News

Voter survey due on school parcel tax renewal

Current levy, comprising 6 percent of schools' operating budget, expires in 2011

Voters in the Palo Alto school district will be polled this month on their attitudes toward renewal of a school parcel tax.

The current tax, a $493-per-parcel yearly assessment backed by 74 percent of voters in June 2005, expires in 2011. The $9.3 million it raises each year comprises six percent of the school district's $154 million operating budget.

Community volunteers and school board members Tuesday met with political consultant Charles Heath to toss around alternatives on a possible amount to seek for a tax renewal, an election date, whether a new tax should be flat-rate or graduated, how long it should last and the pros and cons of mail-in versus traditional balloting.

Those decisions will be guided by results of the voter poll, according to Heath, who is with the Tramutola firm specializing in political consulting for public agencies, private organizations and candidates.

Referring to state budget cuts and the economic recession, Superintendent Kevin Skelly said the district faces new challenges not present in 2005, the the existing parcel tax was approved.

Help sustain the local news you depend on.

Your contribution matters. Become a member today.

Join

"The ground has changed underneath us. We know we've got a really large and growing structural deficit that we've got to address. How painful would it be for the average taxpayer to do some of these things?" Skelly said.

"We need to get some survey data. The bottom line is we want to win, and we need to know what the public thinks."

Community leaders from several past school-funding campaigns, including Gunn parent Kathy Schroeder, Planning and Transportation Vice-Chair Samir Tuma, and Utilities Advisory Commission member Jon Foster, participated in Tuesday's meeting.

Once the school board authorizes a measure for the ballot, the campaign must be carried out by community volunteers.

Further discussion of the issue will be put on the agenda for the board's Sept. 22 meeting, Skelly said. The board must act by December to meet the deadline for a March 2010 election, or by December 2010 for a March 2011 election date.

Stay informed

Get the latest local news and information sent straight to your inbox.

Stay informed

Get the latest local news and information sent straight to your inbox.

Follow Palo Alto Online and the Palo Alto Weekly on Twitter @paloaltoweekly, Facebook and on Instagram @paloaltoonline for breaking news, local events, photos, videos and more.

Voter survey due on school parcel tax renewal

Current levy, comprising 6 percent of schools' operating budget, expires in 2011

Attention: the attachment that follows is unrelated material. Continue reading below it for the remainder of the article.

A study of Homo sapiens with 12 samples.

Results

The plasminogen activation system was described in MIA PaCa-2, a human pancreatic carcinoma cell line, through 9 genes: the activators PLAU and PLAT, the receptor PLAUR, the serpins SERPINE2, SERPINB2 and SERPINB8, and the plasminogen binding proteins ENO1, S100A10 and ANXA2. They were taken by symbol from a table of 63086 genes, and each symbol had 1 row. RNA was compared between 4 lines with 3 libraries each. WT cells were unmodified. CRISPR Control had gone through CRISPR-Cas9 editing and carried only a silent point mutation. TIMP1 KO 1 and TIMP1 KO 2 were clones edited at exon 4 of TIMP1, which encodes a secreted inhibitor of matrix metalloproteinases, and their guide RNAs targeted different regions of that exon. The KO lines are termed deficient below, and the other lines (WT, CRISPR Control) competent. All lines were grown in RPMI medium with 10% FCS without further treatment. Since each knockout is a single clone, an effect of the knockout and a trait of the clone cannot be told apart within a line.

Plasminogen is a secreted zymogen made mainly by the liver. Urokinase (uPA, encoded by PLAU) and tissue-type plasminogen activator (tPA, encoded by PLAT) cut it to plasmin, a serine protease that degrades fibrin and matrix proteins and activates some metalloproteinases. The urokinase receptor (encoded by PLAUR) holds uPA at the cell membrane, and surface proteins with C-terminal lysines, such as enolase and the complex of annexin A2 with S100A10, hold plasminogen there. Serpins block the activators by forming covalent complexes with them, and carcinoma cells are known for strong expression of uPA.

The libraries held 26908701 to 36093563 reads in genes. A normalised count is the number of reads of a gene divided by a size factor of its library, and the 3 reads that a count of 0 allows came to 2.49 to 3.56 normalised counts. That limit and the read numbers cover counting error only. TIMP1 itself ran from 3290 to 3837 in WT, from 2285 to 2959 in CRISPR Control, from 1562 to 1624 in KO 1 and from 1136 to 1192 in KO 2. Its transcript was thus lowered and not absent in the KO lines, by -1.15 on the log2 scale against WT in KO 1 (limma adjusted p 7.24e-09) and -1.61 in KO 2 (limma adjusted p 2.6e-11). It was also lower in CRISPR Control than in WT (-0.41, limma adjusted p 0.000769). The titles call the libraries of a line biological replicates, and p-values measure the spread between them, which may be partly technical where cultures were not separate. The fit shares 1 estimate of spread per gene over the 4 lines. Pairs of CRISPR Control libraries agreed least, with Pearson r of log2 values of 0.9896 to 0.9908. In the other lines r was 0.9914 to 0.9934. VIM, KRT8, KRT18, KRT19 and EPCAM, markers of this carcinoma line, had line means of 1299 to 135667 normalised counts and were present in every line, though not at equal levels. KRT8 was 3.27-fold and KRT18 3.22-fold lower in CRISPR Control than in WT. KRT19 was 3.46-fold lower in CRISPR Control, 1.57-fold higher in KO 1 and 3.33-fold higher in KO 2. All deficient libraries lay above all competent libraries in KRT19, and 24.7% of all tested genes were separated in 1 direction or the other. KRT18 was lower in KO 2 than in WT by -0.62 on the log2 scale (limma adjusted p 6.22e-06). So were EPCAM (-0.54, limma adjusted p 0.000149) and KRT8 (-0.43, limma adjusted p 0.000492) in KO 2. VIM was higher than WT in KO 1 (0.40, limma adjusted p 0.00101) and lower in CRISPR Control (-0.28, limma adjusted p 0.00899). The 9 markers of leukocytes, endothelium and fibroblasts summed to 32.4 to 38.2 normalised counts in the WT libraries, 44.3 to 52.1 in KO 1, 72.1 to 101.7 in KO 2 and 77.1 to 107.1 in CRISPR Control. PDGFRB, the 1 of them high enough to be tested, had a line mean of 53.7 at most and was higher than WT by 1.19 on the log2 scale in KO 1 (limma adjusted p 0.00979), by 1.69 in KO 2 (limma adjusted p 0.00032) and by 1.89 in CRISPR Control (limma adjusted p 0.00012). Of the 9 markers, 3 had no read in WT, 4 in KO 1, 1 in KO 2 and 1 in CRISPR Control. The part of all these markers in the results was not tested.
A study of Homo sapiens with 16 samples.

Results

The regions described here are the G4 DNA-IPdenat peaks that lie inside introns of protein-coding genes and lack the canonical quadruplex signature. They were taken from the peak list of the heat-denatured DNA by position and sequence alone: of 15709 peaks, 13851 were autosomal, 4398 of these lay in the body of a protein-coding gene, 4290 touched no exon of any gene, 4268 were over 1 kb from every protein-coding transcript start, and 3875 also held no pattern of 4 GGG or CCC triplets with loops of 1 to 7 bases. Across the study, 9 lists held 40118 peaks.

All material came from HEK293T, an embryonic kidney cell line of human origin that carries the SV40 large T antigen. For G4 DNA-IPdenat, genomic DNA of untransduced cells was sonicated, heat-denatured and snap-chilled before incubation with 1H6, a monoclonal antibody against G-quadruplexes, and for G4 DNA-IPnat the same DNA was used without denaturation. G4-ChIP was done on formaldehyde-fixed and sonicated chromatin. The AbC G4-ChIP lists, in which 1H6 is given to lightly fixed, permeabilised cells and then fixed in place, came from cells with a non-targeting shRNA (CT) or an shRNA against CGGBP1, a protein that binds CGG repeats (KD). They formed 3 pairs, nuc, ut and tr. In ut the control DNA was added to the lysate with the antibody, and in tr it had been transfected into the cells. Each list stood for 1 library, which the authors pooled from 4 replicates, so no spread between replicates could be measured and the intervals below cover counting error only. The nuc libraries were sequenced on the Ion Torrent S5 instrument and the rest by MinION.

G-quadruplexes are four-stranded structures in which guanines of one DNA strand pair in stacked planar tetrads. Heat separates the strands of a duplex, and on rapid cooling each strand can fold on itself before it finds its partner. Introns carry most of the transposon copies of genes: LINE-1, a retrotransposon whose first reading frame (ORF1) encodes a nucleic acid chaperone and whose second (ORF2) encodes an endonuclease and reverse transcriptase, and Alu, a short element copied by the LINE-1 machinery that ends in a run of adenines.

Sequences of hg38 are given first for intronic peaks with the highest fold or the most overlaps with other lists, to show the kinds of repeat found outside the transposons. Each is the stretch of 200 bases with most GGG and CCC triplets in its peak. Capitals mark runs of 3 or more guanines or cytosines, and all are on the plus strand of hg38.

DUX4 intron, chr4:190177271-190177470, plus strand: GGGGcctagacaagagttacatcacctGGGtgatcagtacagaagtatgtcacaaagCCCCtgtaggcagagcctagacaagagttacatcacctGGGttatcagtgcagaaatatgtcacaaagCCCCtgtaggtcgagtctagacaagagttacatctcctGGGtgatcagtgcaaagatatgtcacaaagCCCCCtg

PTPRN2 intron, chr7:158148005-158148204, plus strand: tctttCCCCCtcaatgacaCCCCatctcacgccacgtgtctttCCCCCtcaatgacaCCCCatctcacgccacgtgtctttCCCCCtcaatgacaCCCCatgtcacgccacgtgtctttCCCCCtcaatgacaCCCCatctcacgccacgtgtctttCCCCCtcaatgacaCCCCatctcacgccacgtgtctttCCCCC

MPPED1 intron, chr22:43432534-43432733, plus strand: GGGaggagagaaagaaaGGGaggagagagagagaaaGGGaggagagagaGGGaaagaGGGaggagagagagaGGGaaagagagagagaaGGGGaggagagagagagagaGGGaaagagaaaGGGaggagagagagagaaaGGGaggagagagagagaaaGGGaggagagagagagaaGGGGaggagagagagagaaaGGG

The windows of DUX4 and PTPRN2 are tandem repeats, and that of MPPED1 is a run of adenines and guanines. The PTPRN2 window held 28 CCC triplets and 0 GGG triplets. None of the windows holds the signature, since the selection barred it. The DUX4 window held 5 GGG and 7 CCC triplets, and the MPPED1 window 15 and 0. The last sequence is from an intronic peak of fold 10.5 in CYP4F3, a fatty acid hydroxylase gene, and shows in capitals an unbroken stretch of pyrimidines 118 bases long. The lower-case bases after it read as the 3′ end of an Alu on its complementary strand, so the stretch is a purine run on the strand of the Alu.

by / Palo Alto Online

Uploaded: Tue, Sep 8, 2009, 9:34 pm

Voters in the Palo Alto school district will be polled this month on their attitudes toward renewal of a school parcel tax.

The current tax, a $493-per-parcel yearly assessment backed by 74 percent of voters in June 2005, expires in 2011. The $9.3 million it raises each year comprises six percent of the school district's $154 million operating budget.

Community volunteers and school board members Tuesday met with political consultant Charles Heath to toss around alternatives on a possible amount to seek for a tax renewal, an election date, whether a new tax should be flat-rate or graduated, how long it should last and the pros and cons of mail-in versus traditional balloting.

Those decisions will be guided by results of the voter poll, according to Heath, who is with the Tramutola firm specializing in political consulting for public agencies, private organizations and candidates.

Referring to state budget cuts and the economic recession, Superintendent Kevin Skelly said the district faces new challenges not present in 2005, the the existing parcel tax was approved.

"The ground has changed underneath us. We know we've got a really large and growing structural deficit that we've got to address. How painful would it be for the average taxpayer to do some of these things?" Skelly said.

"We need to get some survey data. The bottom line is we want to win, and we need to know what the public thinks."

Community leaders from several past school-funding campaigns, including Gunn parent Kathy Schroeder, Planning and Transportation Vice-Chair Samir Tuma, and Utilities Advisory Commission member Jon Foster, participated in Tuesday's meeting.

Once the school board authorizes a measure for the ballot, the campaign must be carried out by community volunteers.

Further discussion of the issue will be put on the agenda for the board's Sept. 22 meeting, Skelly said. The board must act by December to meet the deadline for a March 2010 election, or by December 2010 for a March 2011 election date.

Comments

Post a comment

Sorry, but further commenting on this topic has been closed.